Pediatric urologists are surgeons who can diagnose, treat and care for infant and children's urinary and genital problems.
The most common health issue seen by pediatric urologists is a urinary tract infection (UTI). These happen more often in girls than in boys.
Children with a simple bladder infection are most often treated at home with antibiotics given by mouth. Those with a stronger infection may need to be treated in a hospital.
About 8 percent of girls and 1-2 percent of boys have had a UTI by the time they are 5 years old.
If a child has more than one UTI, then he or she should see a pediatric urologist.
Other health issues treated by pediatric urologists:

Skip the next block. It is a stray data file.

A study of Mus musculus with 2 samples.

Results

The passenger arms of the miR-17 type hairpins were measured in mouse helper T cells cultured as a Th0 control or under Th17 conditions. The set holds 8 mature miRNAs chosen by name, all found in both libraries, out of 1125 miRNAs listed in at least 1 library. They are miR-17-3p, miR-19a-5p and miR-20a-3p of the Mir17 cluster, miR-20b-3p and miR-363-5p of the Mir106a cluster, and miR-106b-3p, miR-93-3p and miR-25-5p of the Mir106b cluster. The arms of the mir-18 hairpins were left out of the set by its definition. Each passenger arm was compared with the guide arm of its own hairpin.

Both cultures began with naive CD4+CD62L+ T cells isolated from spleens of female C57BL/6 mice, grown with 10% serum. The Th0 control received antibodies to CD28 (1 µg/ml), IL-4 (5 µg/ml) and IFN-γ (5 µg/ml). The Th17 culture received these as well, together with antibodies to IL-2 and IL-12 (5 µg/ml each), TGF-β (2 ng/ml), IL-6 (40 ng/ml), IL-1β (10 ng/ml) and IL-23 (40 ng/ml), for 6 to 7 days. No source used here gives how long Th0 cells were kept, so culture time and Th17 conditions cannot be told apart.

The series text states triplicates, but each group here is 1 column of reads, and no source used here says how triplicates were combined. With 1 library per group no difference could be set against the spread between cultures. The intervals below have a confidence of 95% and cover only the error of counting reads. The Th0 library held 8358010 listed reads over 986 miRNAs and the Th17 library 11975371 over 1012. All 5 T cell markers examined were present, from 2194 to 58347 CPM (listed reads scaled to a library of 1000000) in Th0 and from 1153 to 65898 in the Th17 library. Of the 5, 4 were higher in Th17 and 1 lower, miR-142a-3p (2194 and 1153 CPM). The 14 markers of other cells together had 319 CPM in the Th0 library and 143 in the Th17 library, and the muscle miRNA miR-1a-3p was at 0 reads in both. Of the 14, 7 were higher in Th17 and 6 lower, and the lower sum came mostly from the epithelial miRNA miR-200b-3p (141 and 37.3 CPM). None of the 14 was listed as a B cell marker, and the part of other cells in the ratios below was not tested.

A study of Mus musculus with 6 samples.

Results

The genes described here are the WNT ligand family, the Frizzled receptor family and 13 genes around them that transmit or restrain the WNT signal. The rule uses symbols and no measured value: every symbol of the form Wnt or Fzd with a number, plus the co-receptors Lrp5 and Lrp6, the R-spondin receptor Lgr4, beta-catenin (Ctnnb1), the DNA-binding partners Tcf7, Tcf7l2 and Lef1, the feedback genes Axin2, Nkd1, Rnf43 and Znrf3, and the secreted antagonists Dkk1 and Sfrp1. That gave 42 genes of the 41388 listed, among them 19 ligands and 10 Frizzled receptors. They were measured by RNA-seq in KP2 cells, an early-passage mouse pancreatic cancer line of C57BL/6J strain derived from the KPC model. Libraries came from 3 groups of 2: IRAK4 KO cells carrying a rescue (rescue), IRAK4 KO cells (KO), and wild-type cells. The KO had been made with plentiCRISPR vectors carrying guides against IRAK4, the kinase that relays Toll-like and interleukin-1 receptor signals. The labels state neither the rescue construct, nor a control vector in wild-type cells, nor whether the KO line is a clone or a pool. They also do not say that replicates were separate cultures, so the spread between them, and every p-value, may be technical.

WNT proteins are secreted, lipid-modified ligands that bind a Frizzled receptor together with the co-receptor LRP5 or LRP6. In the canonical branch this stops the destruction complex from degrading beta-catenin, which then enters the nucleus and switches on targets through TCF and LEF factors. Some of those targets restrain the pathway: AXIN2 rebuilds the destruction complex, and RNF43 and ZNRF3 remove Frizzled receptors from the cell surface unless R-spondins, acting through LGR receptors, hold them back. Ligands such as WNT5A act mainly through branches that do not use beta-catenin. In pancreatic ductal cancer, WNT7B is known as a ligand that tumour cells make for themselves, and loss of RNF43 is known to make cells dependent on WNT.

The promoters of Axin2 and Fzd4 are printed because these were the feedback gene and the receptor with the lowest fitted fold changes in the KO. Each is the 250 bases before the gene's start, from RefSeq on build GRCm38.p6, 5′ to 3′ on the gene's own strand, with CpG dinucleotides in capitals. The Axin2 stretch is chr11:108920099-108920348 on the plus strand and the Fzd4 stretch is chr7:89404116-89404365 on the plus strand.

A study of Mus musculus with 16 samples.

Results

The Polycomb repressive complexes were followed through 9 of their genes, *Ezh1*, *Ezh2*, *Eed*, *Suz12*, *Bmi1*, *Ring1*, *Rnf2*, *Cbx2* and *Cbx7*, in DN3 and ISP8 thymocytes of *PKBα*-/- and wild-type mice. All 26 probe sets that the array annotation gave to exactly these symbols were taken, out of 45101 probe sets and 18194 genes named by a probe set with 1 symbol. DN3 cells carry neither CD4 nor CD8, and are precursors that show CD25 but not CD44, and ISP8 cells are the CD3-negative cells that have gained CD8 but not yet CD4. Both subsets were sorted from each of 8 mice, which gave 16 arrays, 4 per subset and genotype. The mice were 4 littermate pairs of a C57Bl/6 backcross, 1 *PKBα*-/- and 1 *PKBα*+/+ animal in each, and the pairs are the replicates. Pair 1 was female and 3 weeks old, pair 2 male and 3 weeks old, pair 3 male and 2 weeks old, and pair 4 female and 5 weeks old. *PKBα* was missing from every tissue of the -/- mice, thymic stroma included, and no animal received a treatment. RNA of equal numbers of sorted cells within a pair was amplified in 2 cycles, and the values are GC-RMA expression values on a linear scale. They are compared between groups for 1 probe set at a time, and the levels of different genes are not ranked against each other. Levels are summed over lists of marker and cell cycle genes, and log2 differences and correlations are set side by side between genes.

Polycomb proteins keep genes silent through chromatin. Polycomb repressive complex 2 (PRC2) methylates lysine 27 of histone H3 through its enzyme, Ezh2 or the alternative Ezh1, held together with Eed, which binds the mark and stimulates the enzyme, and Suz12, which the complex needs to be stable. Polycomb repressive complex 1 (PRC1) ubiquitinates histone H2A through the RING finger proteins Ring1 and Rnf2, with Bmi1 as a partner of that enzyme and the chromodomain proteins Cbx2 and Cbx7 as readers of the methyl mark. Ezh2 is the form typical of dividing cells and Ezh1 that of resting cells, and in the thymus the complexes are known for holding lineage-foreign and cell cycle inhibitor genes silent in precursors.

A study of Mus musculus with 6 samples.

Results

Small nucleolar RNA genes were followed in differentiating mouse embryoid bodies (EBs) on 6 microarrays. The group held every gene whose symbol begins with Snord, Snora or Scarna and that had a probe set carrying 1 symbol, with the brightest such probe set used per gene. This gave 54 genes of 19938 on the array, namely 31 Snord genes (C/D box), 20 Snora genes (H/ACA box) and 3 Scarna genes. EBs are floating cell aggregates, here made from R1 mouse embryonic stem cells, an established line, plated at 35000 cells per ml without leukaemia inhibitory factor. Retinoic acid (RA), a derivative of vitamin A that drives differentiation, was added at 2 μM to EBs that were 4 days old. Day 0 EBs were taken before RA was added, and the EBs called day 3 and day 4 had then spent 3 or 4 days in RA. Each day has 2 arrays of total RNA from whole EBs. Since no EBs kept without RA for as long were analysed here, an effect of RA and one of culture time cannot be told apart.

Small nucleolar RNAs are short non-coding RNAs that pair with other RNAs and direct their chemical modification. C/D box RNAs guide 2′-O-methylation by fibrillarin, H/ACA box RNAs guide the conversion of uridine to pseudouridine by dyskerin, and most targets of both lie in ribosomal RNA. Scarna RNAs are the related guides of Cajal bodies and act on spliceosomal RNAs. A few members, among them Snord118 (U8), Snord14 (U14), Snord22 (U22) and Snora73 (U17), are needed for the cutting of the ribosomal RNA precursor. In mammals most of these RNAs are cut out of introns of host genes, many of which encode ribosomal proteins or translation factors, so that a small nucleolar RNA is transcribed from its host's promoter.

A common problem for more than 5 million children in the U.S. It is slightly more common in boys than in girls. In some young children, daytime wetting may also happen. These accidents could be a sign of a UTI or some other issue that has to do with the urinary tract.
Found in about 3 or 4 out of 100 newborns (and up to 21 out of 100 premature newborns). About half of these testicles will drop on their own during the first three months of life. About 1 or 2 out of 100 boys with undescended testicles will need care.
Vesicoureteral reflux (VUR)
A health problem in which urine travels backward from the bladder toward the kidney. VUR occurs in about 10 percent of healthy children. About three-quarters of children treated for VUR are girls.
Occurs when a section of intestine protrudes through a weak spot in the stomach muscle. In children, a hernia often occurs around the belly button or in the groin area.
A swelling of the kidney due to a backup of urine. This health issue is the most common defect found on ultrasounds during pregnancy.